College Football Playoff Semifinal at the Capital One Orange Bowl - Alabama v Oklahoma Photo by Michael Reaves/Getty Images

Possibly the biggest name to enter the 2019 NFL draft will be Oklahoma quarterback Kyler Murray. The story is well known by now: the current Heisman Trophy winner was originally picked by the Oklahoma Athletic’s as the ninth overall selection in the 2018 MLB draft but has elected to go a different route and turn to professional football instead of baseball — a highly debated decision, but one that will nevertheless make him a popular target come April.

While Murray’s NFL outlook is still an uncertain one and will be the subject of plenty of pre-draft speculation, one analyst thinks that the New England Patriots might go after him:’s Daniel Jeremiah released his first mock draft this week and has the Patriots pick Murray in the first round as the eventual successor to Tom Brady:

Murray is the ultimate wild card in this draft. The Patriots need to find the heir apparent to Tom Brady and Murray could contribute while Brady is still playing.

Murray certainly is an interesting but polarizing prospect. At 5’9, he is undersized when compared to conventional quarterbacks but he has shown time at again at Oklahoma that he can be successful both as a pocket passer and and a ball carrier. His 2018 statistics illustrate that: Murray completed 69.0% of his pass attempts for 4,361 yards, 42 touchdowns and 7 interceptions while also carrying the football 140 times for 1,001 yards and 12 scores.

“Kyler Murray is a fascinating NFL Draft prospect,” says The Draft Network’s Kyle Crabbs about the redshirt junior. “His size presents limitations to consistently see intermediate breaks in the [middle of the field] and will pose an injury concern in the NFL. Murray has speed, escapability, a powerful throwing arm and enough general accuracy to allow gifted catch point receivers to adjust and ensure the catch.”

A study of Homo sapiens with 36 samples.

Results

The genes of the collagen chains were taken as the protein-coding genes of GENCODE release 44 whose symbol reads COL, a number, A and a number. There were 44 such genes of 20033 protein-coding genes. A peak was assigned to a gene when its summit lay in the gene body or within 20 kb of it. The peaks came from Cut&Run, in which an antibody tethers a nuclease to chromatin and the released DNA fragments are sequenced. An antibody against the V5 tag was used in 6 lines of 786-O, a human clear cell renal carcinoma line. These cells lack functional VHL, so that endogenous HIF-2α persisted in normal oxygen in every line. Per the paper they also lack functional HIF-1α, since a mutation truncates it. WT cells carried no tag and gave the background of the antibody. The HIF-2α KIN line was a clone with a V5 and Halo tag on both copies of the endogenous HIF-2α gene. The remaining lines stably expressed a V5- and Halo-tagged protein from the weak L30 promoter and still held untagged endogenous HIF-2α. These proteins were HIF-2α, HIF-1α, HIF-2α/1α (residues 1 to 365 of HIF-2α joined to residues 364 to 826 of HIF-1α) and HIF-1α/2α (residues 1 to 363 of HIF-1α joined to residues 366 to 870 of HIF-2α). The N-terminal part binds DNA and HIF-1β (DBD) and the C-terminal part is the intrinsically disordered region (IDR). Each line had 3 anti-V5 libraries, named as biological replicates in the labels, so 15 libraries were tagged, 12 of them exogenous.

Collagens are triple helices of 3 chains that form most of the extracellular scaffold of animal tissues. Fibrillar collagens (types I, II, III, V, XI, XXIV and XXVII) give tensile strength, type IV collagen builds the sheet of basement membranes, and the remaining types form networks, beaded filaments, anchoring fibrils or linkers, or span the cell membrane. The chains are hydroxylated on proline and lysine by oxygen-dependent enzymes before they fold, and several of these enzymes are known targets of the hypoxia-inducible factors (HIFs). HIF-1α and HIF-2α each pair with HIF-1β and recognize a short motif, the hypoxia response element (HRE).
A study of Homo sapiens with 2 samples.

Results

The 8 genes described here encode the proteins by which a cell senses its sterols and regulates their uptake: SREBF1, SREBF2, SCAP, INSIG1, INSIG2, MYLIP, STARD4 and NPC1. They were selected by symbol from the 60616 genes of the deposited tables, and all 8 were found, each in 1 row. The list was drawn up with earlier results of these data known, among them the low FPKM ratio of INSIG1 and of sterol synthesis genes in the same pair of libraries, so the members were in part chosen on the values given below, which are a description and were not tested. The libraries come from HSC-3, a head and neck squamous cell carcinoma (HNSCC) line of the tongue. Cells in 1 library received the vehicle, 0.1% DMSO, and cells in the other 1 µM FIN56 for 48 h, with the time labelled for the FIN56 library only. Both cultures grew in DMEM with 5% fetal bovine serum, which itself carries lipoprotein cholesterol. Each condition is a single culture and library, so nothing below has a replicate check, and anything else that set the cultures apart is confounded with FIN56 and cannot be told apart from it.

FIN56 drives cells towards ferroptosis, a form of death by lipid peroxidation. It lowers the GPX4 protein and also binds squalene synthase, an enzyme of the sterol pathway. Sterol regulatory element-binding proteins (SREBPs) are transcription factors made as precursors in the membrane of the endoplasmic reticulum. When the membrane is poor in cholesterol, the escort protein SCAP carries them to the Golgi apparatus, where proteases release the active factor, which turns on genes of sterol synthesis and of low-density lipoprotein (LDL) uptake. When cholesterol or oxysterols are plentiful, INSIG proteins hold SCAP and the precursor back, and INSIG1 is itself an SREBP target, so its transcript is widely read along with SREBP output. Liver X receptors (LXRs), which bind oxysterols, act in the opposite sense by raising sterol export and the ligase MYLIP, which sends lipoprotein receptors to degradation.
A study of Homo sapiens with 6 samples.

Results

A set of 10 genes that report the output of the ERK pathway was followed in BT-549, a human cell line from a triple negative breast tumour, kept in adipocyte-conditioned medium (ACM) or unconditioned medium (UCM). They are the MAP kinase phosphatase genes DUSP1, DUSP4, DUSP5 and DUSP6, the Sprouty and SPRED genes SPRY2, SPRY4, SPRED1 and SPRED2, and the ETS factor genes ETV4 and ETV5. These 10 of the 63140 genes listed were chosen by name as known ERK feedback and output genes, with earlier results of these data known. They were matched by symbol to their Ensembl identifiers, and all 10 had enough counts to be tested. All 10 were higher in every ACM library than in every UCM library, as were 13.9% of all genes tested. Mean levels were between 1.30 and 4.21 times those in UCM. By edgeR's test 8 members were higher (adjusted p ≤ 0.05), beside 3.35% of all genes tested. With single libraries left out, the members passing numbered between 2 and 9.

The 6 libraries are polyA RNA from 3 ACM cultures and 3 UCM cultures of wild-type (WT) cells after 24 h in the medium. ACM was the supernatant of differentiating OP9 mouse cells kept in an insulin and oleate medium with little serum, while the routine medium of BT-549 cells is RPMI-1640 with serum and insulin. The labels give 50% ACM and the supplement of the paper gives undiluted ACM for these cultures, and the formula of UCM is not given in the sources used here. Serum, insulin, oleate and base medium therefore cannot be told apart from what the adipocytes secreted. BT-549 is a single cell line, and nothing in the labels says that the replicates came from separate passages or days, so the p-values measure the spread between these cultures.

Despite his strengths, however, he will likely not be a perfect quarterback for every team. “Murray is not a one size fits all prospect but in an offensive utilizing RPO/spread concepts, he can be an explosive weapon and effective starting QB,” continued Crabbs. Whether or not he will get this chance in New England remains to be seen, but he certainly is an interesting prospect to look at and imagine in the Patriots’ system.

At the end of the day, however, it would still be surprising to see the team go with Murray in the first round. Not only is his size different from what the team is generally targeting at the quarterback position, it would likely also have to adapt its offense quite a bit to take advantage of Murray’s athleticism and improvisational skills. Given that the Patriots will still have Tom Brady for at least one more year, seeing the team go with a non-traditional pocket passer to back him up would therefore be unexpected — especially in the first round.